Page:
It begins with the sidewalk. In Harare, shop owners place big black speakers on the sidewalk and blast Afropop. All of the shops sell the exact same stuff (soup, toothpaste, knitting kits, Afro picks, metal bed frames) at the same price. It is only the beat that distinguishes each business—the better the music, the more customers it attracts.
From the sidewalks in the red-light district of Amsterdam, one can see nearly naked women on display. Only glass separates you from the fantasy. A man sees what he likes, stops, and enters the door next to the display. Because he already knows what she will look like in bed, the only real surprise is in the fucking—will the sex be great?
In the International District, as with the cities in distant China, roasted ducks communicate with the sidewalks. Heat lamps are above them, metal hooks are in them, and they hang next to slabs of pork and fat chickens. Chinese barbecues are the only businesses in Seattle that display their food—greasy glass and lurid glow—for pedestrians. And if one of their birds catches your eye, the only surprise is in the eating.
The window of Kau Kau (656 S King St, 682-4006) is dim and short. It is often crowded with roasted birds and pork. Visions of a dark feast lure you in. Inside, more glass separates the cutting board from the entryway. You order from the person standing at the register, and the man by the cutting board retrieves a duck from the display (half a duck costs $8.99), removes the hook, places the duck on the thick, grease-splattered board, grips it with tongs, and cleavers it into neat pieces that are then packed into a take-out carton. Kau Kau claims it sells the best Chinese barbecue in town, and this is not an empty boast. The focus is on the texture of the meat rather than the flavor of the flesh. There is no drama of perfumes and striking spices; it all comes down to the honest story of the meat. Even the pork (a pound costs $7.99) is simple, soft, and sincere.
To love a roasted duck is to also love the way the Chinese cut their meat. For one, it has a bold rhythm—a steady drumming of metal, meat, and wood. For two, it's a far more democratic method. In the West, we cut according to the animal's anatomy. In the case of a chicken, we separate the wings, the legs, the head, the breast, the thighs, the feet. This cutting leads to a hierarchy—a breast, for example, has more value than a leg. With the Chinese, the anatomy of the bird is almost totally ignored. Every section receives the same swift chop. The breast, neck, legs—chop, chop, chop.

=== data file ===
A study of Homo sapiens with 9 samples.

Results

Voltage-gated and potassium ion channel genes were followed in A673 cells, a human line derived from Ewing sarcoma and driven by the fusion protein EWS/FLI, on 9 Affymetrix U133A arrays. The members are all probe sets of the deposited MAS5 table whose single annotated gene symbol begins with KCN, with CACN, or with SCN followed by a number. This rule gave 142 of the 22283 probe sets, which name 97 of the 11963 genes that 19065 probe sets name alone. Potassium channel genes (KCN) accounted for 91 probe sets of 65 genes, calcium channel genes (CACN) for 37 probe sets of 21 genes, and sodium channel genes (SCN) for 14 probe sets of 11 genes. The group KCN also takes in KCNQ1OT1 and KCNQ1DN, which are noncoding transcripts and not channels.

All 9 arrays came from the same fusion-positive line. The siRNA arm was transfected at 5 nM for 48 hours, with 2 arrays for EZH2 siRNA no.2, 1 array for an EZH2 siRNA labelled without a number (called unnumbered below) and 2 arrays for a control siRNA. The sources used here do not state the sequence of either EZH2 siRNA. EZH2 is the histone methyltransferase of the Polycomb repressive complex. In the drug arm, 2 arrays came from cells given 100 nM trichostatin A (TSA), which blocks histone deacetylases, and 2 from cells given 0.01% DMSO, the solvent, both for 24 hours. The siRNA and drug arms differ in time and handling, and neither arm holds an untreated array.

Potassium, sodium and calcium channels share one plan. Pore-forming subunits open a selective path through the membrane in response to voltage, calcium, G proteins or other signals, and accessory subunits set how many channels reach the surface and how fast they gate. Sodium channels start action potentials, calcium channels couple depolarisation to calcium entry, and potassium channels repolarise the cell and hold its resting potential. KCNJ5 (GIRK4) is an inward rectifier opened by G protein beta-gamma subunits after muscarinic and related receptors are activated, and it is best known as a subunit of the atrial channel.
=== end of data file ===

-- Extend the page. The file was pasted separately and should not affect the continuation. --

And then there is the music of it all. At the end of the poem "The Thrashing Doves," Jack Kerouac writes: "Tibbet de tibbet the tink tink tink, them Chinese cooks do in the kitchen, jazz." The chopping of ducks (deliciously glazed, oil-rich ducks) is some of the best kitchen jazz in the world. When I visit Kau Kau, I find myself staring at the duck chopper in much the same way a jazz fan stares at a gifted drummer. I also catch the young man at the register staring at my neck. Around my neck is a pair of headphones. I then realize that music is streaming out of them. It is the pounding hiphop beat of "Pony Boy" by Khingz.
"I like that music. Is it local?" asks the young man.
"Yes, it's Khingz—he's from South Seattle."
"Does he have a website or something?" The beat pours out of the tiny speakers, the duck gets chopped, and drumming erupts in Hing Hay Park—30 or so Asian girls are practicing a marching routine beneath the mural of the dragon. I grab a napkin and begin to write Khingz's name.
"No, you do not have to do that. I know its hiphop spelling." We laugh. My duck is packed and handed to me. I leave feeling I have made a new friend.
A good chopper (or a good beat) often means a delicious duck. If there is bad rhythm in the chopping, I get worried about the worth of the bird. At Ocean City Restaurant (609 S Weller St, 623-2333), I notice the chopping is too soft and rather irregular, and sure enough, the duck (half a duck is $12.50) is a little too dry and almost tasteless. (My experiences at this restaurant overall have been likewise uneven.) The good choppers can be heard at King's Barbecue House (518 Sixth Ave S, 622-2828), which is not as exquisite as Kau Kau, but has the honesty of a cook who wants the eater to know the care that was taken in the preparation of the meat (duck and rice is $6.75). Indeed, the skin has no memorable spices; it's plain and satisfying. If one wants a spicy duck, it's found at the busy food court—an ersatz sidewalk—in Uwajimaya (600 Fifth Ave S, 624-6248). The roasted duck chopped there is respectable and fragrant, with an almost crunchy skin (a carton of duck, steamed vegetables, and rice is $9.75). Harbor City (707 S King St, 621-2228) also has ducks that are very meaty, soft, and flavorful (half a duck is $10.20).
There are, however, exceptions to my good beat/meat theory. For example, Fortuna Cafe (711 S King St, 223-5343) has great chopping but very unremarkable ducks (half a bird costs $8.99).
Then there is Hue Ky Mi Gia (1207 S Jackson St, 568-1268). This place, which does not display its roasted meats, sells exceptionally tasty duck: the right texture, uncommonly delicious skin (in a way that hints at a secret), the right amount of greasiness. If you want a great duck (it comes with soup and noodles for $7.66) and can forgo the chopping jazz, this is the place to be. And Hue Ky Mi Gia has an excellent view of a sidewalk, alive with pleasure-seeking people.